Devastating drought in Amazon result of climate crisis

The climate crisis turned the drought that struck the Amazon rainforest in 2023 into a devastating event, a study has found.

The drought was the worst recorded in many places and hit the maximum “exceptional” level on the scientific scale.

It also showed the drought was made 30 times more likely to happen by global heating. The return of the natural El Niño climate phenomenon is associated with drier conditions but played only a small role, the scientists said.

Millions of people in the Amazon have been affected by the drought, with some rivers at their lowest levels for more than a century. There have been drinking water shortages, failed crops and power cuts, as hydroelectric plants dried up. The drought also worsened wildfires and high water temperatures were linked to a mass mortality of river life, including the deaths of more than 150 endangered pink river dolphins in a single week.

The extreme drought of 2023 would be expected about once every 50 years in today’s climate, the analysis estimated. But if global heating reaches 2˚C, such a severe drought would be expected every 13 years.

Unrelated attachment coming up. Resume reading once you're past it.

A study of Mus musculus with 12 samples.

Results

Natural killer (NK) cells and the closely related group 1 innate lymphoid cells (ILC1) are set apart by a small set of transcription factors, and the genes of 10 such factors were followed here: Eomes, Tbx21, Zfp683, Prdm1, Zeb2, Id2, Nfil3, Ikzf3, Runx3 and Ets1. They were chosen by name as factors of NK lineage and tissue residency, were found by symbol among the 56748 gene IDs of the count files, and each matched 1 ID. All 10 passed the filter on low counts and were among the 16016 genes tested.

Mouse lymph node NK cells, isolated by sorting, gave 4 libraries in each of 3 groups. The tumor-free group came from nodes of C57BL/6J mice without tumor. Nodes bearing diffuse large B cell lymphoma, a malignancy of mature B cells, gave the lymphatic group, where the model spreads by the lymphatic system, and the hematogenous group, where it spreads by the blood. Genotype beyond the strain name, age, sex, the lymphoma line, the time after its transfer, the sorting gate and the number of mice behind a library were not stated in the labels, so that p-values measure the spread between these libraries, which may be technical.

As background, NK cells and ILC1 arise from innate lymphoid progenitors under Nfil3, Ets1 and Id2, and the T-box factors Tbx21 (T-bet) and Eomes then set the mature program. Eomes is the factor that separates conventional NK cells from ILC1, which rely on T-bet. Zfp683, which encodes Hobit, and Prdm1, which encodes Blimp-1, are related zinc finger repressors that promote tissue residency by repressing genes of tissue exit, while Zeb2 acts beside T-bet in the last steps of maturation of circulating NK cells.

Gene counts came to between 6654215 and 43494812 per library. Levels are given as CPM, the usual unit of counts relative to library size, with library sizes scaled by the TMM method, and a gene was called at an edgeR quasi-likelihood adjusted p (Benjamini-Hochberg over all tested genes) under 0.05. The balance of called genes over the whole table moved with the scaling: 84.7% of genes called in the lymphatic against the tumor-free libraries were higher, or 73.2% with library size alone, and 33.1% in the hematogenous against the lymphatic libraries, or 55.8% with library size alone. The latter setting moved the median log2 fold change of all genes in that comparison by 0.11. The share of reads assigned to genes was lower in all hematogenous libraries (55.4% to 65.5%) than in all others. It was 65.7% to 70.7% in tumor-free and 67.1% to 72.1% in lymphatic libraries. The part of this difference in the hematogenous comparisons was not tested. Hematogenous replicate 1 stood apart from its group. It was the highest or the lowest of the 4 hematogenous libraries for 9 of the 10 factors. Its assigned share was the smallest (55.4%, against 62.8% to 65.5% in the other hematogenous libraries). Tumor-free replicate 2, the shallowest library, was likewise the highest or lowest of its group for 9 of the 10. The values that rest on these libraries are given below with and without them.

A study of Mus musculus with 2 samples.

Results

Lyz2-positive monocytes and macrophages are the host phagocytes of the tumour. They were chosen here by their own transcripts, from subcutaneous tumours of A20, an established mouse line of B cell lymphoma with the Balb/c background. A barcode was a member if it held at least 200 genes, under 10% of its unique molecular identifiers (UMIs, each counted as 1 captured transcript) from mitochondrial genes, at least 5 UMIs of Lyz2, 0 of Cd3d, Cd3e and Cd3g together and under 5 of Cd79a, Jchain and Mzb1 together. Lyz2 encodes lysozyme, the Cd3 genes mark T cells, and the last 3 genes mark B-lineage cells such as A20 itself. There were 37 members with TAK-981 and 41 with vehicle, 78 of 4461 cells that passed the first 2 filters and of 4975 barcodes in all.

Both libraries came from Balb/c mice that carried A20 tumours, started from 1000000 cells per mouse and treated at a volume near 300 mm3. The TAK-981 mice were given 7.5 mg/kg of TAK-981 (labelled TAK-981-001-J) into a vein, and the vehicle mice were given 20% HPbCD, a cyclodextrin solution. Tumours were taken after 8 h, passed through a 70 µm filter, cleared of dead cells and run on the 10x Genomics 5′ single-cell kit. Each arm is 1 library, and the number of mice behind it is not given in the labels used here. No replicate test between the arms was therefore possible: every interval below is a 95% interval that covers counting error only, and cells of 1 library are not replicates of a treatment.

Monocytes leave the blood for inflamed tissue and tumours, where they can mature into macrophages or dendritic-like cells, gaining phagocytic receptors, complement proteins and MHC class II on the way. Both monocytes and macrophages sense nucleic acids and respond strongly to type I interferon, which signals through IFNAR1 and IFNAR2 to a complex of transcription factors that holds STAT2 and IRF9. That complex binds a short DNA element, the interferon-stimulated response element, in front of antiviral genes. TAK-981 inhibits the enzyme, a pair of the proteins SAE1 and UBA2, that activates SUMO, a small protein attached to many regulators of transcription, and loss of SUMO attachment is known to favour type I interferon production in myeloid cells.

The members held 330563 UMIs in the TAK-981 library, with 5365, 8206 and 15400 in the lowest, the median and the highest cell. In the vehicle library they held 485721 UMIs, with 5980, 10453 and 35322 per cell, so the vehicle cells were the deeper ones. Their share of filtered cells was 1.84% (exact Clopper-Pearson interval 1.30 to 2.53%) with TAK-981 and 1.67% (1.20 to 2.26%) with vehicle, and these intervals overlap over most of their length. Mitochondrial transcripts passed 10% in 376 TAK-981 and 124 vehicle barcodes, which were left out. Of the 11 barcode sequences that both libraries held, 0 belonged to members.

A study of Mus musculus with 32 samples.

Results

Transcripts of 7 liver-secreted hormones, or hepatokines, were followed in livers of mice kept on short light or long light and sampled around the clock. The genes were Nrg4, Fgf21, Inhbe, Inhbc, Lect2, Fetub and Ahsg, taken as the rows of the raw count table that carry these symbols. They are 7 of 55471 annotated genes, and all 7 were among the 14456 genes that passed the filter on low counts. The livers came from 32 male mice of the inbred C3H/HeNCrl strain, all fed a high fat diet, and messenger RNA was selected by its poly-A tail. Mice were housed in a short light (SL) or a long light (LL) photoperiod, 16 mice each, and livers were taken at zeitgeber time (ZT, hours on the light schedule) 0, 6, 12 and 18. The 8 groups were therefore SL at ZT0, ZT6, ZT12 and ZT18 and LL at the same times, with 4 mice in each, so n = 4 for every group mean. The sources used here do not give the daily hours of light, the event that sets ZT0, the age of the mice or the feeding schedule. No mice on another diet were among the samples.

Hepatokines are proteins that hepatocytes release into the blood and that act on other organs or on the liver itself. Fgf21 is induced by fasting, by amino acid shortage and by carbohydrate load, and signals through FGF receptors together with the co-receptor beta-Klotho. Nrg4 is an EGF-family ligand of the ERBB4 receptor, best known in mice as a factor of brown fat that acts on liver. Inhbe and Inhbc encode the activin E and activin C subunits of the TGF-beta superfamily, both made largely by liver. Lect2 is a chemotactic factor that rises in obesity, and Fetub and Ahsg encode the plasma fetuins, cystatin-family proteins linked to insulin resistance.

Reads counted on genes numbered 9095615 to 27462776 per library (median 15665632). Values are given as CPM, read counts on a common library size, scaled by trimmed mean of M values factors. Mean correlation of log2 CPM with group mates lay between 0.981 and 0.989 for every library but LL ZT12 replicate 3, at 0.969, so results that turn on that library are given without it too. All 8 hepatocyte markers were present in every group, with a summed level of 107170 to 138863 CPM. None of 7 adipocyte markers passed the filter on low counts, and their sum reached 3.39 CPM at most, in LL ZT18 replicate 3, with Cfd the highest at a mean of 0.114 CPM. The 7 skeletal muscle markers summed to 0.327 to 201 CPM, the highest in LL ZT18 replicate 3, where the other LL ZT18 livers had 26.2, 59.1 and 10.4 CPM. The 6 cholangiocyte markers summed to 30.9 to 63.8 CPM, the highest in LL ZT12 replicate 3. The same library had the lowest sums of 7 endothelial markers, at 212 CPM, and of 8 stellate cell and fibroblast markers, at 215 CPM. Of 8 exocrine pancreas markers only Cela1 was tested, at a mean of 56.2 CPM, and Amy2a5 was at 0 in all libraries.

The scientists said the large-scale destruction of the rainforest for beef and soy production in recent decades had worsened the drought because the clearing of the vegetation means the land retains less water.

Recent data shows that the Amazon rainforest is approaching a tipping point, after which the rainforest would be lost with profound implications for the global climate and biodiversity. More than 75% of the untouched forest has lost stability since the early 2000s, the study showed, meaning it takes longer to recover after droughts and wildfires.

Gareth Redmond-King, at the Energy and Climate Intelligence Unit in the UK, said: “The Amazon rainforest is critical to regulating our planet’s climate, but this area of South America is also critical to the UK in an even more immediate sense.”

“About half of our food imports come from climate impact hotspots, including Peru, Colombia and Brazil, which are our top suppliers of bananas, avocados, melons and other fruit, as well as soya beans for feeding British livestock,” he said. “So climate change’s devastating effects on South America’s farmers last year may well translate into gaps on our supermarket shelves and higher prices for our food.”